On this day in 1929, Louise Bryant’s husband discovered letters between his wife and the out lesbian socialite and sculptor, Gwen Le Gallienne, that outed the women’s secret
affair. The discovery of the relationship lead to the unraveling of both women’s
Both women were members of
upper-class society, Gwen being the stepdaughter of famous English novelist Richard
Le Gallienne and the stepsister of popular Broadway actress Eva Le Gallienne, and
Louise being the wife of the wealthy American diplomat William Christian Bullitt Jr. Gwen was born in Paris to the famous sculptor Roland Hinton Perry and his wife Irma, but
was later adopted by her mother’s second husband, Richard, and would become a
sculptor herself later in life. Louise grew up in San Francisco, California
with a journalist and labor reformer father. She would eventually become an
outspoken figure in the first wave feminist movement and a Communist political
activist who hung around the likes of Emma Goldman and Eugene O’Neill.
Gwen Le Gallienne poses next to one of her sculptures (x).
In 1932, Louise wed William
Christian Bullitt Jr., her third husband, and the couple moved to Paris.
The marriage was a rocky one from the start; Louise had convinced William that
she was only 28-years-old when in truth she was 38 at the time of their
marriage. Nevertheless, the two moved about the circles of fellow wealthy
expatriates who lived in Paris in the 1920s and had two children together; their daughter was named Anne Moen Bullitt and they later adopted a Turkish boy named
Refik. The affair with Gwen is believed to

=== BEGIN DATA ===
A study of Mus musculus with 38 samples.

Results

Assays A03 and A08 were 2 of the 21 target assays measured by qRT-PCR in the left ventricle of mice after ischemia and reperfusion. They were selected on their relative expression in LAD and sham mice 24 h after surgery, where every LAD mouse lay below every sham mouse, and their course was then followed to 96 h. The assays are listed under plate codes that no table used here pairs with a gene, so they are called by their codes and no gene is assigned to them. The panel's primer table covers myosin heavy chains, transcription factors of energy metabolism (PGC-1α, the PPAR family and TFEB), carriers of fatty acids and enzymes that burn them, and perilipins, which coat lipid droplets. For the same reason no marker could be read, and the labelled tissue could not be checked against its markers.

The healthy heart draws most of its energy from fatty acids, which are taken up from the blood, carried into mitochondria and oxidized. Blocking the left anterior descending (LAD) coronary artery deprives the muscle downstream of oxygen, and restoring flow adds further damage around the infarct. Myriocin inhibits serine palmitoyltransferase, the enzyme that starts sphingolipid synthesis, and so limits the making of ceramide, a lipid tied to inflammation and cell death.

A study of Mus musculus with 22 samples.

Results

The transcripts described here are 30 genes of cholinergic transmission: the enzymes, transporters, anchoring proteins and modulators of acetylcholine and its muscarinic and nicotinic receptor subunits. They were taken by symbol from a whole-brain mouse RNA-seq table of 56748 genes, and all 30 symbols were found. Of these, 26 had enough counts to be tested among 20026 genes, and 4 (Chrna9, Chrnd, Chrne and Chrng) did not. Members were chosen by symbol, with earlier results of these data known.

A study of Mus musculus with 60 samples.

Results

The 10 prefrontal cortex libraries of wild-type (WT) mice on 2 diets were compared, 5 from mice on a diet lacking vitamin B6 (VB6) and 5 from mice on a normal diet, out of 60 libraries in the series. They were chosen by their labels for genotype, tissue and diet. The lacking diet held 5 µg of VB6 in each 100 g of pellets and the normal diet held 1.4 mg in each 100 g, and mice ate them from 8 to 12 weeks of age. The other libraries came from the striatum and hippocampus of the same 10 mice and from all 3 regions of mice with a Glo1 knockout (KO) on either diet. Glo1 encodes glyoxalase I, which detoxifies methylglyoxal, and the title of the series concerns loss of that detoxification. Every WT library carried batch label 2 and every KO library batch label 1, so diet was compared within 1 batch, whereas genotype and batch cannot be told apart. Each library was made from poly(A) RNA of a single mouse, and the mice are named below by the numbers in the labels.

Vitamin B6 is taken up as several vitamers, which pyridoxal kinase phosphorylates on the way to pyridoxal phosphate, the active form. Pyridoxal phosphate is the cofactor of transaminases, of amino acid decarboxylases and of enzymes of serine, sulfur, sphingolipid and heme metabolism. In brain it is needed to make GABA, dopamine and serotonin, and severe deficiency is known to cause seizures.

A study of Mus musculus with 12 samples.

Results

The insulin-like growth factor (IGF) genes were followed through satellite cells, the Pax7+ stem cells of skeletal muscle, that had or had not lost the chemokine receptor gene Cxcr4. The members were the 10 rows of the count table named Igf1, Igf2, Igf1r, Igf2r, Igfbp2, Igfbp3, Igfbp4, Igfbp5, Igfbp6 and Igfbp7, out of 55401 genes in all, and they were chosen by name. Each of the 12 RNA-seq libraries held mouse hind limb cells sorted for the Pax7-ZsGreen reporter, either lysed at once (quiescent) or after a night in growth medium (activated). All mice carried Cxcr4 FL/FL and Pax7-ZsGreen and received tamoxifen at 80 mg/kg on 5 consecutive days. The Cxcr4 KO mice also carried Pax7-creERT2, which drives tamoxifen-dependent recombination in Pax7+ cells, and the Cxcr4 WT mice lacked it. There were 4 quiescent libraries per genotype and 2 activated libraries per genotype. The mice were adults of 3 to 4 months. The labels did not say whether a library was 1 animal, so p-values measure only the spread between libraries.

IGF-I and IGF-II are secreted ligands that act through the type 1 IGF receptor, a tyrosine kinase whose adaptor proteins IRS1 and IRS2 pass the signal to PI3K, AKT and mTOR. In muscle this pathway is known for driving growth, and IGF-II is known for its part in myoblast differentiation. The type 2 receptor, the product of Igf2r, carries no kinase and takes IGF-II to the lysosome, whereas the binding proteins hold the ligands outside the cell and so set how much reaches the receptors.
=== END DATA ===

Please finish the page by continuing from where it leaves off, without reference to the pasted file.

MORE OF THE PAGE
have begun in 1926. Whereas Louise had previously abstained from alcohol and
was a voracious writer, the pressures of being the wife of a wealthy man such
as William, which she had never experienced before, started to get to her and
she stopped writing, began drinking heavily, and fled to her society friend Gwen
for “comfort,” among other things.
In December 1923, Bryant married William Christian Bullitt Jr., former assistant secretary of state. In this photo, Bryant is holding their daughter, Anne, who was born the following February. In 1925 the couple adopted a Turkish boy, Refik, here standing at left (x).
After Louise’s husband discovered
letters between the two women on September 28, 1929, the affair ended and
scandal ensued. William divorced Louise and was awarded full custody of their
children, citing alcoholism and lesbianism as reasons Louise was not fit to be
a mother. Although the affair put strains on Gwen’s marriage, this was not the
first time she was found to have relationships with other women; she had
long been, and would continue to be for the rest of her life, a presence in the lesbian clubs and salons of Paris. After the
discovery, Louise was abandoned by her family and attempted suicide, but she wouldn’t pass away until 1936 from a brain hemorrhage. Gwen maintained her support network of lesbian friends such
as Berenice Abbott and Djuna Barnes before passing away in London several years later.